Saturday, October 20, 2012

A Vocabulary For Later Days



The evenings have all come at the same
Time.  We were reading quietly
In our rooms, some of us were forgetting
Archetypes.  Things as simple as dawn,
Swords, the fish beneath the ice.
Soon they were all over the place
As if that was all that remained.

Men and women sat on benches and steps
And wept to themselves feeling something
Unexpected had happened.

The evenings had always been here, hurrying
Back and forth across our lives,
In the mirrors of the days.

We were supposed to treasure them,
Find a haven for them, share
Them with friends as a kind of meal,
Sit across from them smiling
As inconceivable as this may seem.



My dear sister, we have removed the body
Of our brother from the floor
To which he was welded by his blood
That never was supposed to escape his shell
But did and poured from his mouth
As he fell against the heavy door
To his quiet room of books and prayers
And small pages upon which he had written
Moments in his life that seemed to him
As possibly important or of some
Insight into how the world might
Be seen until that moment when the dream
Vacated its miles of rivers and streams
Through heart and lungs and muscles,
Flew past his eyes and frightened
A mourning dove crouched on the
Windowsill pecking at some insect on the glass
When he saw it lift its wings and abandon
Its small roost the selfsame moment he abandoned
His own roost.  The air lifting beneath
The gray dove’s wings and likewise coming
From his lungs one final time
Till every stream was dry and his shell
Lost its perfect spirit in a cry.



Shall I make a pile of these skulls
That later someone may know the living
Came here once again, building
A vocabulary for later days,
After the battles had long been forgotten?

And the plow turns up leg
Bones and spines as we till
To plant the Winter wheat.

Would that all the land were pure,
All work an exact language
That allows us to speak to Paradise,

Finding it cool and comfortable,
Locked in its own literature,
Much too abstract for
Us to figure out, making more
Than the loaves of bread we make
From it, dissolving the flowers
Every blessed day brings to our table?

Spider Fantasy


Yes you have seen this animal
Once before, maybe even more
But it was when you were young
And could believe it real,
See its claws and teeth,
Imagine it at night slipping
Through the forest, headed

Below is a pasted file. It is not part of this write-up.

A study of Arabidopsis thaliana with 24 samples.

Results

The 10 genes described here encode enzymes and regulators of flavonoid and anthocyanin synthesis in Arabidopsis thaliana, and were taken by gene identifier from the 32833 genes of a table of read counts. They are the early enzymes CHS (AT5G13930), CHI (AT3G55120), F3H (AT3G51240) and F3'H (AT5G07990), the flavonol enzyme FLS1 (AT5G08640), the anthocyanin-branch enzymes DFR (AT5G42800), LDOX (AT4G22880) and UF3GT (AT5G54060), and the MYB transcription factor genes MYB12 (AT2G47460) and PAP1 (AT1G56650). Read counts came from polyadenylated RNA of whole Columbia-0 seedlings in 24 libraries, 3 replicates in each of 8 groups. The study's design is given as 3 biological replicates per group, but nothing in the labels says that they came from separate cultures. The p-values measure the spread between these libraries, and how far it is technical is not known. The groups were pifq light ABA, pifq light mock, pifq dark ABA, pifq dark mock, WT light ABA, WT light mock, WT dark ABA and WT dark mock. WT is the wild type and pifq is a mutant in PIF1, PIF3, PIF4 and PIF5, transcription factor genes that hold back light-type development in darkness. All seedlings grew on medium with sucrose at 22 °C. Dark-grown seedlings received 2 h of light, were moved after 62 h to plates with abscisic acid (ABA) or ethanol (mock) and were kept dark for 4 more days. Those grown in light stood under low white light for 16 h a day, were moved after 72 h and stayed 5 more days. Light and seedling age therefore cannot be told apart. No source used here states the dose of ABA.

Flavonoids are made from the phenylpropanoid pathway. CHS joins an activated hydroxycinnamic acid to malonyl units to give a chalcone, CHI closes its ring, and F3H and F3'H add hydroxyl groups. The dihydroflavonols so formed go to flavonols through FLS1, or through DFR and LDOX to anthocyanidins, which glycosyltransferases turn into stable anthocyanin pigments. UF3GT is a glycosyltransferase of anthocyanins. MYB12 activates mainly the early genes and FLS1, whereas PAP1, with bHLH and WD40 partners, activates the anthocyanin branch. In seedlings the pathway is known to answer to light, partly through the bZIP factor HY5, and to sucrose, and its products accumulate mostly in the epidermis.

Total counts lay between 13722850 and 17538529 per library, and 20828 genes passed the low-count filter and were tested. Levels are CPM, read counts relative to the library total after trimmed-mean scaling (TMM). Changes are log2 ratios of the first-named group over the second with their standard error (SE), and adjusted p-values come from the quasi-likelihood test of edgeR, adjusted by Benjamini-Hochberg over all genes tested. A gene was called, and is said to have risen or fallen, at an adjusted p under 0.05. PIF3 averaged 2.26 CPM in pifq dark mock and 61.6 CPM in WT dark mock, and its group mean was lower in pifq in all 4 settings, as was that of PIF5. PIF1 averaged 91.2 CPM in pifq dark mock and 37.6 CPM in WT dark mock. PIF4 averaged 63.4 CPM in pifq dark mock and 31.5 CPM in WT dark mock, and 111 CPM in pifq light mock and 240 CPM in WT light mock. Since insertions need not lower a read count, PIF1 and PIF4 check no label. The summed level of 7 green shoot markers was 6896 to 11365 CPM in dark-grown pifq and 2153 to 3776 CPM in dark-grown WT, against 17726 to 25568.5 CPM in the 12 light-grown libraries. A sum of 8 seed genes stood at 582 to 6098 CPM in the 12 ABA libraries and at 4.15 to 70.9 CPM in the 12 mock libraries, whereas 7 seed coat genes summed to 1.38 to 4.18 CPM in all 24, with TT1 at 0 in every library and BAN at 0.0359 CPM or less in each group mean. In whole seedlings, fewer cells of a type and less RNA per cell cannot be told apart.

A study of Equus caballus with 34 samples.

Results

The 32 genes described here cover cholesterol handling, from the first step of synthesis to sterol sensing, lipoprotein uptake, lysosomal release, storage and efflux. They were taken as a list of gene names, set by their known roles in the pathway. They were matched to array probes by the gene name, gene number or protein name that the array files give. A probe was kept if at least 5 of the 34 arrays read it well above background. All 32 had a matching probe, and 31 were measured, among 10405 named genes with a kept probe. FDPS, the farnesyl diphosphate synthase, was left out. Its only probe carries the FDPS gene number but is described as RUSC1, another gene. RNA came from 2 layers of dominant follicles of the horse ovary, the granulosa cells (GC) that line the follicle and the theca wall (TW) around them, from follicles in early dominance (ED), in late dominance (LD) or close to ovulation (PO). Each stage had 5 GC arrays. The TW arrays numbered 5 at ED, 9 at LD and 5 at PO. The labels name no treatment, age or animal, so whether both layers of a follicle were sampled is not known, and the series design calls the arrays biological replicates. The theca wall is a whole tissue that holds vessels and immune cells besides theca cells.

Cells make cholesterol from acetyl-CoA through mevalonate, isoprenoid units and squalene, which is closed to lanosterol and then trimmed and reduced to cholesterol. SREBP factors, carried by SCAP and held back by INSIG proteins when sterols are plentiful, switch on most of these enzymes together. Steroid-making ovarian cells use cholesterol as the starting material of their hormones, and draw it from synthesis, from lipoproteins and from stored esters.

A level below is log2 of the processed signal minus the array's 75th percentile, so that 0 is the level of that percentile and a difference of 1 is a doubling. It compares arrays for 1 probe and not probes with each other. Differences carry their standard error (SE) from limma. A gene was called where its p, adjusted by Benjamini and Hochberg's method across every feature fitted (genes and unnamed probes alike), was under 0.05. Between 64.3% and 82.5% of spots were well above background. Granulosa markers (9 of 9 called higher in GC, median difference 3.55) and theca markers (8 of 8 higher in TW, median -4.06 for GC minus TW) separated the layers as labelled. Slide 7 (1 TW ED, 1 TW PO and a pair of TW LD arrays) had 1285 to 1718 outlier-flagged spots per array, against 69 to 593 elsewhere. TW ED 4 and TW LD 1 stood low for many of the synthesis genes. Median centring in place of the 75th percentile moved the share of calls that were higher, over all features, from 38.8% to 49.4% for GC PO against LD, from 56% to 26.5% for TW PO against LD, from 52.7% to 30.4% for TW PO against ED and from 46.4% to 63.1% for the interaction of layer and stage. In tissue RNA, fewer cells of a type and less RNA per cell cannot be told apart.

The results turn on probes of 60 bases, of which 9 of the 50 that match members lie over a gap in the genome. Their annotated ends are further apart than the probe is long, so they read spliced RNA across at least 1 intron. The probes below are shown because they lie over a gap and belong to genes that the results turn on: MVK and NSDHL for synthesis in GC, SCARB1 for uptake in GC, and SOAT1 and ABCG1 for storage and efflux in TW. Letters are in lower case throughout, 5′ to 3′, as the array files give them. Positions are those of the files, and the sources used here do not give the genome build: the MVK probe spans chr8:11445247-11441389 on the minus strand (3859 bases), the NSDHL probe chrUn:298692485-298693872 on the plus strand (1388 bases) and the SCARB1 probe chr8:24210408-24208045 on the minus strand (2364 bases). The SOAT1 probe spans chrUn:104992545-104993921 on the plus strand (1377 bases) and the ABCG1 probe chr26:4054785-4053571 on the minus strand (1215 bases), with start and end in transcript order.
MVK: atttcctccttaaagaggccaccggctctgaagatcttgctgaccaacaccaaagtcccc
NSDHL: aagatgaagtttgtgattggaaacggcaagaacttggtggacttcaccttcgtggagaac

For the light of the long house,
Peering in the windows, moving on the roof,
Pretending to be the lion or the
Bear and we convince ourselves;
No, nothing is there, just fear.
The crackling of wood in the fire.
You have captured all the shadows.

Yet it is back again tonight when you
Wear old age and understand
Bloodstains, have come to believe
All fictions are golden, even this one.



Of salt because of a line
I read from Borges after
Midnight when my skin would not
Let me sleep for itching and
The wind dead, dead around
The house caught in the middle
Of October and more than willing
To bring me down.  ‘We do
Not recognize you,’ say the days.

So much is unexplained at this time
Of year, pumpkins bright as so
Much punctuation, the wind
Writing with leaves in all the streets.

And now, the dark will prevail
Pushing hard into the day.  ‘More night,
More night,’ it says but I cannot
See who is speaking or to whom
And shy away from asking anything,
As from a hammer’s blow.


I saw him just today and now he is
The past.  I saw him on his horse
As white as snow and his sword was silver
And flashed in the cold sunlight
Before noon, steam blowing
From the nostrils of that great horse
As it wheeled and turned as if
Part of the man himself.

Now he is shade.  Now his horse is shade.
Now the spirit that lived inside
That sword is also shade and they
Blow down the streets of dust
At this hour and I look to them
To once again be so perfect,
So brave in battle and green as trees.

But this talk grows old even
In its telling and looses itself
In our eyes as simply more dust.
What shall we call real?

Today's LittleNip(s):


The first barn had been
There since 1843.
When it burned down
To the ground
You could still see it there
For years afterward.



I used to keep stars
In my pockets.  I heard
That poets could do that
And not get burned.
They cannot.


The full moon got caught
In a single pane of glass in the
Upstairs bedroom window.  The
Last I looked, it was still there,
Bumping the mullions
Like an object in a video game.


—Medusa, with thanks to D.R. Wagner, who unfortunately remains under the weather, for today's culinary delights! And please remember to check Medusa's Facebook page for another new album, this one of the Late Peaches release by Michelle Kunert. Don't worry if you missed the release of Late Peaches: Poems by Sacramento Poets (edited by Bob Stanley); there's another one tonight, and another one November 8. See for more, or scroll down on our blue board at the right.